Bill would increase PacifiCorp rates to pay for removing 4 dams

By Ty Beaver, Herald and News 2/4/09

Opponents who argue a bill to raise power rates would open the door to future unchecked rate increases squared off Tuesday with those who say the bill prevents such abuses and paves the way for resolving ongoing Klamath Basin issues.

The Oregon Legislature’s Senate Environment and Natural Resources Committee hosted its first hearing on Gov. Ted Kulongoski’s bill to raise $180 million to help pay for removal of four hydroelectric dams on the Klamath River.

Supporters say the bill — which would increase power rates for PacifiCorp’s average Oregon customer by about $1.50 a month — is needed to implement the Klamath Basin Restoration Agreement . They dismiss claims the legislation would expose ratepayers to increased financial liability if dam removal occurs.

Whitsett opposes

But opponents, including state Sen. Doug Whitsett, R -K amath Falls, have said the bill leaves ratepayers on the hook and criticize it for making Oregonians pay for removal of three dams in California. The fourth dam, J.C. Boyle, is in Klamath County.

Proponents include the Citizens’ Utility Board, a ratepayer advocacy group. Craig Tucker of the Karuk Tribe, said the state’s Public Utilities Commission will be required to review the bill even if it is approved by the state Legislature.

“We feel so confident that this is the best deal, we have no problem with that,” he said. Open to increases

But Whitsett contends the bill’s wording leaves ratepayers open to further rate increases, possibly as high as $35 to $ 65 per month, while also pointing out that the full cost of dam removal is not yet known.

Tucker countered charges the bill was flawed, saying opposition is more due to an ideological opposition to dam removal itself.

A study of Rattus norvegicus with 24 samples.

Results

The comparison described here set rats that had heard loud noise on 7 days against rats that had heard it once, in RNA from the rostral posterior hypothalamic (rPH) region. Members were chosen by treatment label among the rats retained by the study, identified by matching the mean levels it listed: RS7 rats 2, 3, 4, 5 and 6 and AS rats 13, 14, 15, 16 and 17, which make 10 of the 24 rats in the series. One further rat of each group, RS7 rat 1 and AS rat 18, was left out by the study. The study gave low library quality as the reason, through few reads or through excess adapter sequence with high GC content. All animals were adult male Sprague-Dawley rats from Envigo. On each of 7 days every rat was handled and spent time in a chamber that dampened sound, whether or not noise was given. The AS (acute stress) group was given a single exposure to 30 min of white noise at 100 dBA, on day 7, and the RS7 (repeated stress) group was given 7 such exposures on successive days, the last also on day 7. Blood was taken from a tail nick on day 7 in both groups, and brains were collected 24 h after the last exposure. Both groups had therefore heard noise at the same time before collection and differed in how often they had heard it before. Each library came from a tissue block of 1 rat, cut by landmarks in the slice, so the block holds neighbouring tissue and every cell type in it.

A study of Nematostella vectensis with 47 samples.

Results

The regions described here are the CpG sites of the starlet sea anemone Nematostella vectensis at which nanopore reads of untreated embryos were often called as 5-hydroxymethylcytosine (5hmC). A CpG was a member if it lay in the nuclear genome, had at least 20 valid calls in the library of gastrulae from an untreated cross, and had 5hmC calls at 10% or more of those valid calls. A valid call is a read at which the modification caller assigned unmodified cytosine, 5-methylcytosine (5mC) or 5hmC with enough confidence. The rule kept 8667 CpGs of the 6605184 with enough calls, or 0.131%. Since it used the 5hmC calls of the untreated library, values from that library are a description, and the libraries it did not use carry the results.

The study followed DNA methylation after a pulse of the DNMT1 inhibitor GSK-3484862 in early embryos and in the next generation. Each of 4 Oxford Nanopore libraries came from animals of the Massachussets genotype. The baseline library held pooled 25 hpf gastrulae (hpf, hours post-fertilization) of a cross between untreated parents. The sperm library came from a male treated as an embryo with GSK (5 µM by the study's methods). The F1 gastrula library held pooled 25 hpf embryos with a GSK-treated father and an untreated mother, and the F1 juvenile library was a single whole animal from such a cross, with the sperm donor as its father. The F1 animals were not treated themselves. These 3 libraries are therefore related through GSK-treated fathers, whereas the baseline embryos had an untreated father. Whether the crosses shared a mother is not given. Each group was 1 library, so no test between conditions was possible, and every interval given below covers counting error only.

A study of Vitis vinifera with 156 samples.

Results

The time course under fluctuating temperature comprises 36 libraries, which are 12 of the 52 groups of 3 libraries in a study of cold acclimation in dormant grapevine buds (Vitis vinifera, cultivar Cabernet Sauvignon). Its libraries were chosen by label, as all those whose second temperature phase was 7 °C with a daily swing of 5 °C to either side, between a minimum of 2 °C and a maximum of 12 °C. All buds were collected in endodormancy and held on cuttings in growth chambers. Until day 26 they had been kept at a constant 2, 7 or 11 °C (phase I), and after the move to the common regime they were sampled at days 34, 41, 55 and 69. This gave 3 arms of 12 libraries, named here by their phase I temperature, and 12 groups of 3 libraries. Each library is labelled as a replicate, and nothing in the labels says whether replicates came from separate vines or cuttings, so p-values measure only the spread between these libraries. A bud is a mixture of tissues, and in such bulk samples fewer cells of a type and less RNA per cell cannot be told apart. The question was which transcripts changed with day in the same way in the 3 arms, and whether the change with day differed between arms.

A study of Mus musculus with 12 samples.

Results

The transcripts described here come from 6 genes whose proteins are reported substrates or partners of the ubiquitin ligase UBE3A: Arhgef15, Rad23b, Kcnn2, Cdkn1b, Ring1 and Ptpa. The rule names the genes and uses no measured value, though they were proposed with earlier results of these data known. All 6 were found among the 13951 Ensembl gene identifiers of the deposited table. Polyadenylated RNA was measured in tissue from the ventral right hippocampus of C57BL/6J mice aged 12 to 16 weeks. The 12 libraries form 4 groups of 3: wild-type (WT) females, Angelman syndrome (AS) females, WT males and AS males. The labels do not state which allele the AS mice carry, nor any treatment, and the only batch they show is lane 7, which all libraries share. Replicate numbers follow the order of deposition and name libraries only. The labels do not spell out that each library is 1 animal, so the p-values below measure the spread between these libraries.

The restoration agreement allocates water in the Klamath River Basin among irrigators, conservationists, tribes and fisheries.

Dam removal is key component and must happen for it to be implemented.

A group of stakeholders, state and federal officials and representatives from PacifiCorp reached a tentative dam removal agreement in November. They have until July 1 to hammer out a final agreement, with dam removal beginning no later than the year 2020.

Kulongoski promised he’d bring about the legislation during the current legislative session that would direct the state’s Public Utility Commission to raise PacifiCorp’s rates to pay for dam removal.

California bonds

The $ 180 million, along with $20 million from PacifiCorp’s ratepayers in other states, will be combined with $250 million in voter approved bonds from the state of California to help pay for dam removal.

PacifiCorp has said that the increase would raise the average Oregon customer’s bill by about $1.50 a month. Agricultural power users would see about a 2-percent increase in their bill.

If dam removal does not take place, the money would be returned to ratepayers.